Optimum use of cultivable land, technology can ensure food security : experts

RANGPUR : Optimum use of cultivable land adopting the latest technologies, newer cropping patterns and mechanisation of agriculture can keep crop production increasing to ensure food security despite climate change, said experts, reports BSS.
The issue of food security has become the most important issue now in every country as the adverse impacts of climate change, being caused by global warming, has been posing severe threat to the agriculture, among many other sectors.
According to the experts, there is no alternative to increasing production of food grains through innovating stress tolerant crops varieties in ensuring food security along with social peace, stability and harmony through coping with climate change impacts.
Executive Director of North Bengal Institute of Development Studies Dr Syed Samsuzzaman said adverse climate change impacts have already affected agriculture, irrigation, navigation, ecology, bio-diversity, environment and other sectors.
The situation has been degrading faster due to global warming following emission of the Green House Gases especially affecting the agriculture sector and crop production threatening the global food security in the long run, he added.
Associate Director- Agriculture of BRAC International (South Asia and Africa) Dr MA Mazid said the farmers should be educated to cope with droughts, floods and other adverse situations those are affecting the agriculture sector hampering food production.
He suggested for adoption of the latest technologies and mechanisation of agriculture to increase crop yield at reduced costs, save water, facilitate crop intensification, quality seed and remunerative markets for the produce despite climate change.
Environmentalist and Consultant of IRRI in Bangladesh Dr MG Neogi stressed for acquainting the farmers with modern agriculture, providing them necessary facilities, quality seed and inputs to increase food production despite climate change.
He called for delivering conservation agriculture based technologies with adoption of innovative crop rotation in which crops are planted in minimum, no-till or reduced tillage with some crop residue retention on soil surfaces to reduce unproductive losses of water.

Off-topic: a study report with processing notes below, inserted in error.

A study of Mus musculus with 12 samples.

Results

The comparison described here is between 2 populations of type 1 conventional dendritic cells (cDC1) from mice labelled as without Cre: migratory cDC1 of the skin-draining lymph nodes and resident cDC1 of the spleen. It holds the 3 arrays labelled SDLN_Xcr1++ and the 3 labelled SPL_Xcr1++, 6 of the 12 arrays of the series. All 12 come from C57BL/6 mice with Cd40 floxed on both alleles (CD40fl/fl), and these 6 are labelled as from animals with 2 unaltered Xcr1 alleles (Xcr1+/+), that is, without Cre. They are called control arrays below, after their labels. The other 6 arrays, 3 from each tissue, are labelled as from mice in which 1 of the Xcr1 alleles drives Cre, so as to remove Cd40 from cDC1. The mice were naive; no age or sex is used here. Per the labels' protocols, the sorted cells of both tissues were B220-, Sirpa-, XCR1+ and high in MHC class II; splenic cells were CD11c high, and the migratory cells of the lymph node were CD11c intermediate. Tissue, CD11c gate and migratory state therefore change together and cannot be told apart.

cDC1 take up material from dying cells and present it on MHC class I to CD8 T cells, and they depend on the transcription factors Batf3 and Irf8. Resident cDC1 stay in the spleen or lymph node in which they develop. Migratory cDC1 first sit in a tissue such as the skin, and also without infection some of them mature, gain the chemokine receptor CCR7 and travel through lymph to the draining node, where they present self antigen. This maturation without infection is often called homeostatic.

He suggested for expansion of short duration rice farming, cropping patterns like rice-wheat-mungbean/jute, rice- potato- relay/maize, rice- vegetables-wheat and rice- sugarcane with intercropping of garlic, onion/vegetables to increase crop output.
Horticulture Specialist of the Department of Agriculture Extension (DAE) Khandker Md Mesbahul Islam stressed for maximum use of cultivable land adopting vegetables-based cropping pattern to increase crop output enabling farmers getting maximum profits.
He said a farmer can earn a net profit of up to Taka one lakh on an average from only 33 decimals of land through adopting proper cropping pattern, inputs and technologies to produce four crops from the same land annually.
He said the northern region could play a vital role in producing maximum quantity of vegetables to meet its deficit in the country and export the same abroad to earn huge amount of foreign exchange in near future. Agriculture and Environment Coordinator of RDRS Bangladesh Mamunur Rashid called for accelerating research to innovate more flood, saline and drought-tolerant rice and other crops to keep food production increasing amid changing climate.
The experts said it is possible to keep food production increasing through ensuring maximum use of cultivable land and innovating stress tolerant crops for cultivating those in all seasons to meet food demand of the growing population.